And so I’ve passed that critical milestone. Like millions before me, I have survived my twenties. My feet now firmly planted in adulthood, I reflect on my partially squandered youth. I think about my accomplishments, the things of which I’m most proud. And, of course, I think about my failings. I am not famous. I am not well-liked. I am not gainfully employed. I don’t get enough protein. I spent too much time on the Internet. I do not call my mother. I am not what I envisioned I’d be at this point.
Some life-long goals have been met. A few dreams were realized. Nothing achieved without compromise. I left my small hometown with chest puffed and hat tilted forward, muttering “I’ll show them! And how!” I don’t know what I intended to show. Whatever Big Plans I had to prove myself to imaginary naysayers have been discarded and forgotten.
In the modern world, youth comes with great curiosity about the world but it also comes with an inflated sense of self-importance and entitlement. When we’re young, we imagine that we will change the world. In my own youth, I was so certain that, one day, people would be impressed with my talents, my wit, my beauty. Now I see that I am merely adequate. I am competent in my skill set, but thousands more far excel in talent and knowledge. I am not a whiz or a hotshot or a super star in my field(s). No one has been immediately won over by my work.
I’m not struggling to remain relevant because I was never completely relevant in the first place. Absent are the urges to decorate my body with tattoos and superfluous piercings. I have been fortunate enough to retain enough of my youth (in appearance, at least) that I don’t feel the need to go chasing after it. In fact, I get so many unwarranted comments about how young I look, I should write an article or a book on my secrets. Turning 30 means I’m officially old enough to take it as a compliment when middle-aged women coo about how young I look. But if someone wants to call me ma’am, I won’t protest too much.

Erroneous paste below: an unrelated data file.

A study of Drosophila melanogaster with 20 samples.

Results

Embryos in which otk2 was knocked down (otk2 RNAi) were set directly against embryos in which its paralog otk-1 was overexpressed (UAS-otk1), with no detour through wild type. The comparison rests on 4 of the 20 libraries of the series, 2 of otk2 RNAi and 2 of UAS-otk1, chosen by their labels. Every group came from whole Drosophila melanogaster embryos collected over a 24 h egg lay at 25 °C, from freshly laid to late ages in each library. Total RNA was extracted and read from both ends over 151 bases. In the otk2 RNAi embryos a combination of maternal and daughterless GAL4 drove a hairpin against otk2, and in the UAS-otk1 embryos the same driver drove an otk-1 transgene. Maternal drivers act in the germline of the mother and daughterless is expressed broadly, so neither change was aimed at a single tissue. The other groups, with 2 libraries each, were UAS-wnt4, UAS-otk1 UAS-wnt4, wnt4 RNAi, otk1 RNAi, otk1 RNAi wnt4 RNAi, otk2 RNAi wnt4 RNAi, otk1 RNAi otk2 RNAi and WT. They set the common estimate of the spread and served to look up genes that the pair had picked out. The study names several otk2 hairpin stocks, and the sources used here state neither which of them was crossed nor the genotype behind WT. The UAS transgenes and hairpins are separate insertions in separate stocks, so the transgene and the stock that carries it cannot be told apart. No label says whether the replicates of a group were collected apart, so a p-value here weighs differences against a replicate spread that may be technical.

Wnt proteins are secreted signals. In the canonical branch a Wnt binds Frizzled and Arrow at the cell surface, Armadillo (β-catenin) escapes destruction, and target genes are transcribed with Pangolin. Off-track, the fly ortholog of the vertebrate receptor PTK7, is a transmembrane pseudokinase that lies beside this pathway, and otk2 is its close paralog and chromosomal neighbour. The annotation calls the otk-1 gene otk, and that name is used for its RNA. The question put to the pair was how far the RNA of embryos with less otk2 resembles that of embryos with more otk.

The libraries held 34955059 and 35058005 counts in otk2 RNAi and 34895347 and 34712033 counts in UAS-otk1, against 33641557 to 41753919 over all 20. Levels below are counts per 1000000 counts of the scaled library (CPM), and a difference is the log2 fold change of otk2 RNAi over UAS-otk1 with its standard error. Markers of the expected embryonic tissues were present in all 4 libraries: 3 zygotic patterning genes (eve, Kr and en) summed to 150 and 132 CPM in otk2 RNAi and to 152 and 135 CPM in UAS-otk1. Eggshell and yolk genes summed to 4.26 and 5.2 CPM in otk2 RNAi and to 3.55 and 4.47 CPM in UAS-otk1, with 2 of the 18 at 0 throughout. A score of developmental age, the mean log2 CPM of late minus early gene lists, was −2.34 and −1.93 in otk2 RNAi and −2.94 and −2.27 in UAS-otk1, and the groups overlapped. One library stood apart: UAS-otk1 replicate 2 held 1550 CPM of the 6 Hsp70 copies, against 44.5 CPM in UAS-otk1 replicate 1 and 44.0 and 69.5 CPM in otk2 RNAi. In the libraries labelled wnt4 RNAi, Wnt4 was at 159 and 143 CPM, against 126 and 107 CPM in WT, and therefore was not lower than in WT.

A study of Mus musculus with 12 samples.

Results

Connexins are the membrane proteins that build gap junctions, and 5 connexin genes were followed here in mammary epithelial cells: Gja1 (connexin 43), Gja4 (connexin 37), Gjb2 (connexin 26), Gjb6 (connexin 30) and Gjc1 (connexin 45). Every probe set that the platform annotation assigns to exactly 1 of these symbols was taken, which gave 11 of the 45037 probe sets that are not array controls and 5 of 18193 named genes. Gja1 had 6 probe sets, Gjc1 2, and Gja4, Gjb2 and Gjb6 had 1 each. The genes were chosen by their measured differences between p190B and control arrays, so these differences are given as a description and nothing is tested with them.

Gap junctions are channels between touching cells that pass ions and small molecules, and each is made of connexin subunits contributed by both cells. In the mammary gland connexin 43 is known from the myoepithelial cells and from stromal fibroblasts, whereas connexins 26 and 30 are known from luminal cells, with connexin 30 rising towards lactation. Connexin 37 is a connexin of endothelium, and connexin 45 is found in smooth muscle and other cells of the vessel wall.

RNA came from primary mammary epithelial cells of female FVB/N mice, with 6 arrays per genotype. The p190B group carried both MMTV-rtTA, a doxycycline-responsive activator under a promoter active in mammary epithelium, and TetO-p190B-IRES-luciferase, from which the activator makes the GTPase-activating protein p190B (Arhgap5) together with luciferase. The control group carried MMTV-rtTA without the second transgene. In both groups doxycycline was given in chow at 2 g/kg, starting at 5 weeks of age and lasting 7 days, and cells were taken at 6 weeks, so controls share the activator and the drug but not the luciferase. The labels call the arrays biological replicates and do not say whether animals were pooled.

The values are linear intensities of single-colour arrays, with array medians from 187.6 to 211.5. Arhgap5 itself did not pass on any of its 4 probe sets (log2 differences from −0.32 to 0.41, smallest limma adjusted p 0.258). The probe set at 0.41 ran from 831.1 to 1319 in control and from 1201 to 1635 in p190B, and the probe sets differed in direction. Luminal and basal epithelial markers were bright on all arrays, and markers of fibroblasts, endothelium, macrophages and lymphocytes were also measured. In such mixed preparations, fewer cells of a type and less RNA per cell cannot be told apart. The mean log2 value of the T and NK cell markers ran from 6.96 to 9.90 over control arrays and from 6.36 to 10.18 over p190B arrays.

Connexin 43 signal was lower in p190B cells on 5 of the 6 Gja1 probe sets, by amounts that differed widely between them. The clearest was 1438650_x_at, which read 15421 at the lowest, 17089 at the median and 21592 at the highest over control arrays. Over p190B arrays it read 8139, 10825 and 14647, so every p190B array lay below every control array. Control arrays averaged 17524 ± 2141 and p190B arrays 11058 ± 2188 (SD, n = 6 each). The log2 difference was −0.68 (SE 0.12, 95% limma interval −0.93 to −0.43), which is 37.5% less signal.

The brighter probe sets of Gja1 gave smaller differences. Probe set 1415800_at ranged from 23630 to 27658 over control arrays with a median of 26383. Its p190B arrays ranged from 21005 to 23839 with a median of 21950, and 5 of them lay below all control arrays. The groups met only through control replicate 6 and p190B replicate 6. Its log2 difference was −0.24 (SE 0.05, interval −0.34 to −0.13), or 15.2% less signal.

I have learned, in the grand scheme of things, that I am insignificant. The words I publish on a blog or my silly little robot drawings will not have an impact on the world. They will not cure cancer. They will not influence politics. They will not inspire greater works of art.
Okay, so I’m insignificant. But I still exist. Now is the time to make peace with all the things I am not. It is the time to seek approval from within. It is time to appreciate life as it is, to recognize that things aren’t so terrible, really. This does not mean my life will be all granola and wind chimes, zen gardens and bamboo tunics.
My youth was plagued with multiple failures but few regrets. If given the opportunity to return to the past and alter events, I’d probably reject the idea in favour of watching videos of Maru. Anyway, I’m not sure that anything in the past could be tinkered with to prevent my random spurts of adult acne or sciatic pain.
These days my chest is a little deflated and my hat sits perfectly centered atop my noggin. The challenge in this new decade will be to balance the negative with the positive, while never forgetting the other exists. I’ll continue to recount my failures so we can both see where things went astray, while also entertaining you with drawings of silly robots and passing fancys. I will still spend an exorbitant amount of time on the Internet.